OOP vs FP: A comparison using "unconditional" FizzBuzz

OOP vs FP: A comparison using "unconditional" FizzBuzz

If you haven't read the subject of this article yet; check out the original challenge and look over both the functional and object-oriented approaches.

Object-oriented programming and Functional programming

Remember the definitions of Functional and Object-oriented that we developed in the previous posts.

  • Functional programming uses functions to perform computation.
  • Object-oriented programming uses the passing of messages between objects to perform computation.

To round out the definitions, let us also define what a "function" and what an "object" and "message" is:

  • A function accepts input of a certain format (or none at all) and returns an output of another other form.
  • An object is an enumeration of private state and public methods (aka messages it responds to). Each method accepts input of a certain format (or none at all) and combined with the private state returns an output of another form.

Those definitions are (intentionally) very similar. Now we can see how equivalent OOP and FP actually are. Imagine making objects with one universally named method that ignores private state; and we've essentially made a "functional" (but probably annoyingly verbose) language.

The Similarity

Both these solutions use the same strategy for removing conditionals:

1. Define polymorphic booleans

(Polymorphism here is just two or more things with potentially different implementations that satisfy the same interface; though there are other formulations and types)

In functional style, that's two functions:

const functionalTrue = (onTrue, onFalse) => onTrue;
const functionalFalse = (onTrue, onFalse) => onFalse;

In Object-oriented style, that's two objects (with some composition for sharing common code):

const baseBoolean = {
  setThen: function(then) { return { ...this, then }; },
  setOtherwise: function(otherwise) { return { ...this, otherwise }; },
const objectOrientedTrue = {
  evaluate: function() { return this.then; },
const objectOrientedFalse = {
  evaluate: function() { return this.otherwise; },

2. Use those booleans to construct logic


divisible_by_three(divisible_by_five("FizzBuzz", "Fizz"), divisible_by_five("Buzz", n))



The Difference


Even if you've been skimming up to this point, you've probably seen the OO code samples are much longer than the FP code samples.

Some of you are now congratulating yourselves for yet one more reason FP is superior to OO. But hold the back patting for a minute...

We have gained something through that verbosity: more points of control. We can now better control the order of operations and select what data is cached (and when). Compared to the functional-style where caching and order of operations are up to the language implementation (or large changes in coding style).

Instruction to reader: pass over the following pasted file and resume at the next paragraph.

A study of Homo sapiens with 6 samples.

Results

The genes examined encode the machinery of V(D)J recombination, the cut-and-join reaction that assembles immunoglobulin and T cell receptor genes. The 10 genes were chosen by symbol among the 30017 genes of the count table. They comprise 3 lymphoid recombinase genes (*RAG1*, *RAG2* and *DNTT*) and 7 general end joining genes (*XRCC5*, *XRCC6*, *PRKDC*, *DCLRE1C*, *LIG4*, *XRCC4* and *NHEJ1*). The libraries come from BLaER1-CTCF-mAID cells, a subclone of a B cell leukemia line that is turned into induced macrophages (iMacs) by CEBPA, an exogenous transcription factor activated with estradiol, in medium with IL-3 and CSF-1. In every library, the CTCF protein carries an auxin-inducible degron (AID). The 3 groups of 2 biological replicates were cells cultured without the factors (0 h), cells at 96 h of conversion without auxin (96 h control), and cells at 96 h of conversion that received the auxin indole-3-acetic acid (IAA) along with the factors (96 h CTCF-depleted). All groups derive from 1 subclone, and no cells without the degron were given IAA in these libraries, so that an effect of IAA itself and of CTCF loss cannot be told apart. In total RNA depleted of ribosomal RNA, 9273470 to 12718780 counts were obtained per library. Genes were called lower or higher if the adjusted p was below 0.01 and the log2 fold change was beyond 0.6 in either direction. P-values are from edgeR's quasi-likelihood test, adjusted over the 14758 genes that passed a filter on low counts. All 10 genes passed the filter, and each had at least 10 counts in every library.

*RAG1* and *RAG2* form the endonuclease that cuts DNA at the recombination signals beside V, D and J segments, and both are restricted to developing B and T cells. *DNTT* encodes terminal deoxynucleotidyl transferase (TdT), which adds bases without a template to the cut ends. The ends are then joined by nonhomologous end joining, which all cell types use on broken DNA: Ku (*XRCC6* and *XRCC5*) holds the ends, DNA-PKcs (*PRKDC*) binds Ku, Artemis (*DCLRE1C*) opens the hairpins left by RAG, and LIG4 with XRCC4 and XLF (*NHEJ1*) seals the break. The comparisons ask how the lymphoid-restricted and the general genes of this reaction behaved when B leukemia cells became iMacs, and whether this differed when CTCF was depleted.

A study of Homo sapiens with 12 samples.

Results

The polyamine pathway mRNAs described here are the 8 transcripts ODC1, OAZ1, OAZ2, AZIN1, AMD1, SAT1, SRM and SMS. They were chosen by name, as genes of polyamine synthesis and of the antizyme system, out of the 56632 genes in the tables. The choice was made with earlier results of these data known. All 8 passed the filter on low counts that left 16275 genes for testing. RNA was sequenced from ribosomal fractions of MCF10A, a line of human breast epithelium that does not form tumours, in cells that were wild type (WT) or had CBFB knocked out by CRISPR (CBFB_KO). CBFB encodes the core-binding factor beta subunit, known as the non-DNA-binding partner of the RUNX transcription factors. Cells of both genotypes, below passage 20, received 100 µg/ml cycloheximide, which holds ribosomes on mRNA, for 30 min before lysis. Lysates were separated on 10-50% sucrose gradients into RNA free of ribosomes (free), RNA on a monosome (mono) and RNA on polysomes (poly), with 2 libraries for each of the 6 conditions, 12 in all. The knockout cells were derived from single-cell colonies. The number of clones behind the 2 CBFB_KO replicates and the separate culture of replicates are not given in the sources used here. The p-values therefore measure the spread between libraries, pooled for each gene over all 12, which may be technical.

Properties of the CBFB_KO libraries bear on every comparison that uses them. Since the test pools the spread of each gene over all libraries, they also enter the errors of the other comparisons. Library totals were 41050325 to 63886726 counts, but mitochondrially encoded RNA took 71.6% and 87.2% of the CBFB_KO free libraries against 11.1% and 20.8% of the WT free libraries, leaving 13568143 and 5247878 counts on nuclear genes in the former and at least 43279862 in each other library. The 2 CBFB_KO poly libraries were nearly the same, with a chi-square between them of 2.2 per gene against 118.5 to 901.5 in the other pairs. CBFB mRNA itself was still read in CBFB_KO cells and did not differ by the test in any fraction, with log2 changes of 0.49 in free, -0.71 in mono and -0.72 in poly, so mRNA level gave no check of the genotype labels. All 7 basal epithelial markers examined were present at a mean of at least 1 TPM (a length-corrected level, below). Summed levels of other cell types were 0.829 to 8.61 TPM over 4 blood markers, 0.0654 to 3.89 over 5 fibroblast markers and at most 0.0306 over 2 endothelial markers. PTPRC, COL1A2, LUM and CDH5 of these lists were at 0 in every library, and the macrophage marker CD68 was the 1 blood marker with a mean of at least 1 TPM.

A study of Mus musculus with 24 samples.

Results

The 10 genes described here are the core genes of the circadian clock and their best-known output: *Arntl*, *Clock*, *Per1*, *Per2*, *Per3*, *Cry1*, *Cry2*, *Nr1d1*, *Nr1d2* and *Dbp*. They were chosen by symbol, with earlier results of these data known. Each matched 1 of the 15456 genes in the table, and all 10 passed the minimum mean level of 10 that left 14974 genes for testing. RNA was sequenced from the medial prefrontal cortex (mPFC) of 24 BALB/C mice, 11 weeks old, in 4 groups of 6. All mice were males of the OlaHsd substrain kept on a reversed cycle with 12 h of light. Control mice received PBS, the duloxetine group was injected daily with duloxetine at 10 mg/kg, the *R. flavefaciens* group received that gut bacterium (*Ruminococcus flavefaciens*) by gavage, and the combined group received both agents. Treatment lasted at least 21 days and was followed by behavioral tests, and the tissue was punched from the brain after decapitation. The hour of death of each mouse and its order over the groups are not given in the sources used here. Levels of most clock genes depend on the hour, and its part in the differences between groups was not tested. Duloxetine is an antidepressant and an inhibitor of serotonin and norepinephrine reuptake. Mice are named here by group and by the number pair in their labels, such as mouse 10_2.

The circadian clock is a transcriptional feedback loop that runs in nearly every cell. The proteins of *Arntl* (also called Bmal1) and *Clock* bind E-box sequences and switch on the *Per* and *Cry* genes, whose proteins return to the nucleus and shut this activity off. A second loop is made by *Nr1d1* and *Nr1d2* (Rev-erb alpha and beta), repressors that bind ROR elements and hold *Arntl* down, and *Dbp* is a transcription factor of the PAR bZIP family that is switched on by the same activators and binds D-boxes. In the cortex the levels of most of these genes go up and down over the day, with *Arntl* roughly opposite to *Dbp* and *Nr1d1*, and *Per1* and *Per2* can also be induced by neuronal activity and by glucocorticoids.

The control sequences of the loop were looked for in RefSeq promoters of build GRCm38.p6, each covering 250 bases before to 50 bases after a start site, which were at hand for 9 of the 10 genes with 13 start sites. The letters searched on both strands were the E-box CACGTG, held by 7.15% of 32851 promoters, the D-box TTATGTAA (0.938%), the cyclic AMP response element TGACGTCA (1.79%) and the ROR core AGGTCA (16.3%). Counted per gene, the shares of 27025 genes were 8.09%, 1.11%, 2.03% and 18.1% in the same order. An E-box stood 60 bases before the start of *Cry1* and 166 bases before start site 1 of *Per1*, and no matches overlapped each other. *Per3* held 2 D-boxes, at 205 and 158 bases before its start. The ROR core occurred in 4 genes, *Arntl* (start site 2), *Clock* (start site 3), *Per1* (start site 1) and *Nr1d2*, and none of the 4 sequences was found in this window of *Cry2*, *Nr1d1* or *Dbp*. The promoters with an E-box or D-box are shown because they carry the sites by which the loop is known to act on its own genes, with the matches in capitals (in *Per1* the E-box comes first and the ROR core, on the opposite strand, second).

Side note that the brain is a funny thing. Too verbose and the signal becomes lost to the noise; too terse and the mind becomes overwhelmed with the density of information. Keep it balanced no matter the programming style.

To be honest, I don't love either of these solutions in this regard. My Functional solution is too terse while the OO solution is too verbose.

Fusion Dance

I believe the best code comes from a combination of ideals from Functional Programming and Object-oriented Programming:

1. Polymorphism

Useful from simple things like making lists of an arbitrary type to making full out boolean logic (as we've seen).

2. Composition

Both function composition and object composition. A fantastic way to (re)use code and disperse concerns into distinct areas.

3. Encapsulation / Abstraction

Some things are just implementation details. Keep a small, well-defined surface area between units, because bad interfaces cause most software problems (from my experience).

4. Avoid shared state

Sometimes sharing state is unavoidable. In those cases, have clear interface and ownership structures; especially control what modifies state, how, and when.

In all other cases, avoid shared state like the plague!

5. Purity*

Having no (or few) side-effects and side-influences makes logic much easier to reason through. Do it when you can; especially at the interfaces of abstractions.

* Eventually, the system needs to have a side-effect: write to a database, display something on screen. Or for performance reasons as modifications can be faster in most languages. Do these intentionally, in controlled locations, and with as little logic intertwined as possible.

The Conclusion

This article is based on my opinion and experience. I hope you think critically and take everything here with a few grains of salt.

I hope you've learned something from this series. And I hope I've shown that OOP vs FP isn't a question of which is "better" or "more-powerful"; just two different approaches with lessons to be learned from each.

Let me know what you think in the comments!